A couple weeks back the Washington Post published a feature article by “food writer” Korsha Wilson about how many former slaves worked their own land in the decades after the Civil War, but whose descendants are now struggling to keep their land and livelihoods:
Many of those farmers’ descendants are now scrambling to prove and retain ownership, a complicated task thanks to a legal loophole that allows distant relatives and developers to obtain rights to lands that have been in families for generations.
According to the 2017 U.S. Agricultural Census, the number of black farmers has increased to 45,508, a fraction of the 3.2 million white farmers in the same report. Yet black owner-operators are losing farmland at a higher rate than their white counterparts. Since 2012, about 3 percent of farmland owned and operated by African Americans has been lost, compared to 0.3 percent of farmland owned and operated by whites.
The subtext of the article is pretty easy to make out: things have never been worse for southern blacks, because racism in Amerika is getting steadily worse. (Though it is a curious fact that many northern blacks have been moving back to the south in the last couple decades, presumably because they miss racism? That’s a story for another day. . .)
The byline ID at the end of the article reads:
Wilson is a New York-based food writer and host of the podcast “A Hungry Society.” Staff writer Tim Carman contributed to the updated, corrected version of this article.
Now let’s have a look at staff writer Carman’s correction, because it is a doozy:
Corrections: A previous version of this article contained many errors and omitted context and allegations important to understanding two families’ stories. This version has been updated.
• The first name of Emanuel Freeman Sr. was misspelled.
• Contrary to what was reported in the initial article, Freeman Sr.’s grandson, Johnny, did not refuse to move off a Halifax, Va., sidewalk for a white woman; he was talking to her, which drew the ire of some white locals, including the Ku Klux Klan. When a crowd gathered at the Freeman home where Johnny fled, gunfire was exchanged, and one family member’s home was set ablaze.
• The 2017 U.S. Agricultural Census compared farmland owned and operated, not simply owned, by white and black farmers.
• The number of children Freeman had with his second wife, Rebecca, was eight, not 10.
• Ownership of Freeman’s property was not transferred to heirs when Rebecca died. In fact, he used a trust before he died to divide his property among his heirs.
• The partition sale of the Freeman estate was in 2016, not 2018, and it included 360 acres of the original 1,000, not 30 acres of the original 99.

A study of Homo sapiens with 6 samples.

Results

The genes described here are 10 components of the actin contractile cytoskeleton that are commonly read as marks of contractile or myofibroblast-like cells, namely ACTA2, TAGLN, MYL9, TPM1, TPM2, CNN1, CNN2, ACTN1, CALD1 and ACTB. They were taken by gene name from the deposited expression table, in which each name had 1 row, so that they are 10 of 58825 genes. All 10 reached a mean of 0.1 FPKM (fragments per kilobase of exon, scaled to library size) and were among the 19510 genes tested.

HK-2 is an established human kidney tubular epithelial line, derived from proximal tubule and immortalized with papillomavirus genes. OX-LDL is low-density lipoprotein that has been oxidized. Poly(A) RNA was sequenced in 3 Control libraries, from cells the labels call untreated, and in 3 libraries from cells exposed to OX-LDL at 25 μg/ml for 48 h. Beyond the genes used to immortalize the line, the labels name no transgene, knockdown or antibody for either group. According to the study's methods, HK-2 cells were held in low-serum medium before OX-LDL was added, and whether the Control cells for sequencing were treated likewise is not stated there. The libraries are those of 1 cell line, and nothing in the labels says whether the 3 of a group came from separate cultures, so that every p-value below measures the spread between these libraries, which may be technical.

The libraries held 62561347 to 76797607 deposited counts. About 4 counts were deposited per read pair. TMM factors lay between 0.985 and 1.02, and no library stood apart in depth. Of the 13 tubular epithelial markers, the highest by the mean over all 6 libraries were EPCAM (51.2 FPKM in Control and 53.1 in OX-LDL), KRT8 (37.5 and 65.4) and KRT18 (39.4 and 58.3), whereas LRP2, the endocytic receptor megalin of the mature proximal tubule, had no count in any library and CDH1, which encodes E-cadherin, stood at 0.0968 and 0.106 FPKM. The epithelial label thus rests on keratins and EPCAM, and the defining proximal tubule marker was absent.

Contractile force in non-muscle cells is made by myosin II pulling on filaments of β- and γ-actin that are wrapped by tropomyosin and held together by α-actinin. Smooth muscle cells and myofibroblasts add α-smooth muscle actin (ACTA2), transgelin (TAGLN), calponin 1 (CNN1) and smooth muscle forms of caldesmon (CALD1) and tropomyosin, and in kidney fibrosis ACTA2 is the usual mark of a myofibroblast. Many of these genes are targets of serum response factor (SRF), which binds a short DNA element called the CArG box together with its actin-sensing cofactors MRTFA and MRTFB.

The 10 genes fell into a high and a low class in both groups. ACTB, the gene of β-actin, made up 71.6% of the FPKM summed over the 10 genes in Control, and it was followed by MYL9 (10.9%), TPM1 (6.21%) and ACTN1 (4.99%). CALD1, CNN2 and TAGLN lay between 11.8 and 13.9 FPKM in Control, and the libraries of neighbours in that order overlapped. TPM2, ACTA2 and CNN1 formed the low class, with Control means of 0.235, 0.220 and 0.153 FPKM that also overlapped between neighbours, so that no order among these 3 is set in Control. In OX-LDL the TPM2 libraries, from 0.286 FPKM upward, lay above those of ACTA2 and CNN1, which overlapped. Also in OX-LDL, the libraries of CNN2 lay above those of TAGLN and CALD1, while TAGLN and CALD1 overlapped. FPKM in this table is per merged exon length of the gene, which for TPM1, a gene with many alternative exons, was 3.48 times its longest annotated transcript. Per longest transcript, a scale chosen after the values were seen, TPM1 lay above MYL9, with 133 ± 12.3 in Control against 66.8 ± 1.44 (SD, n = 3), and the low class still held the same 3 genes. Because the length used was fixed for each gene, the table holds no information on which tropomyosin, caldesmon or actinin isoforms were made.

• The story omitted key details that affect understanding of ownership of the land. Melinda J.G. Hyman says “Jr.” and “Sr.” were left off the names of father and son on documents, and the land was mistakenly combined under Rebecca’s name, meaning some descendants did not receive proper ownership. After requesting a summary of the property, Hyman says, she found her great-aunt, Pinkie Freeman Logan, was the rightful heir to hundreds of acres, but they were not properly transferred to her. In 2016, Hyman says, 360 acres of the original 1,000 were auctioned off after a lengthy court battle, a decision she says she and some other family members dispute.
• The article omitted Hyman’s statement that actions by law firm Bagwell & Bagwell constitute apparent conflicts of interest and omitted firm owner George H. Bagwell’s response denying that allegation.
• A description by agricultural lawyer Jillian Hishaw of laws governing who inherits property when a landowner dies was a reference to the laws in most states, not more than 20 states. She was also generally describing these laws, not referring to Virginia law.
• A study the article said compared the prevalence of estate planning by older white and older black Americans was published in the Journal of Palliative Medicine, not the National Library of Medicine, and was about possession of advance health directives, not estate planning.
• Tashi Terry said, “Welcome to Belle Terry Lane,” not “Welcome to Belle Terry Farm.” The property is named Terry Farm.
• Aubrey Terry did not buy 170 acres with his siblings in 1963; his parents bought the 150-acre property in 1961.
• The eldest Terry brother died in 2011, not 2015.
• The article omitted Tashi Terry’s account of some incidents that led to a lawsuit seeking a partition sale of her family’s farm and her allegations against Bagwell & Bagwell, which the firm denies.
• A law proposed to protect heirs from losing land in partition sales is called the Uniform Partition of Heirs Property Act, not the Partition of Heirs Property Act. “Tenants in common” are not solely defined as those living on a property; they are all those who own a share in the property. The act would not require heirs living on a property to come to an agreement before it can be sold, but would instead provide several other protections.
Other than that, the article is just fine. But don’t say “fake news,” because that’s mean or something.
I guess the Post has decided to do fact-checking only after an article appears in print.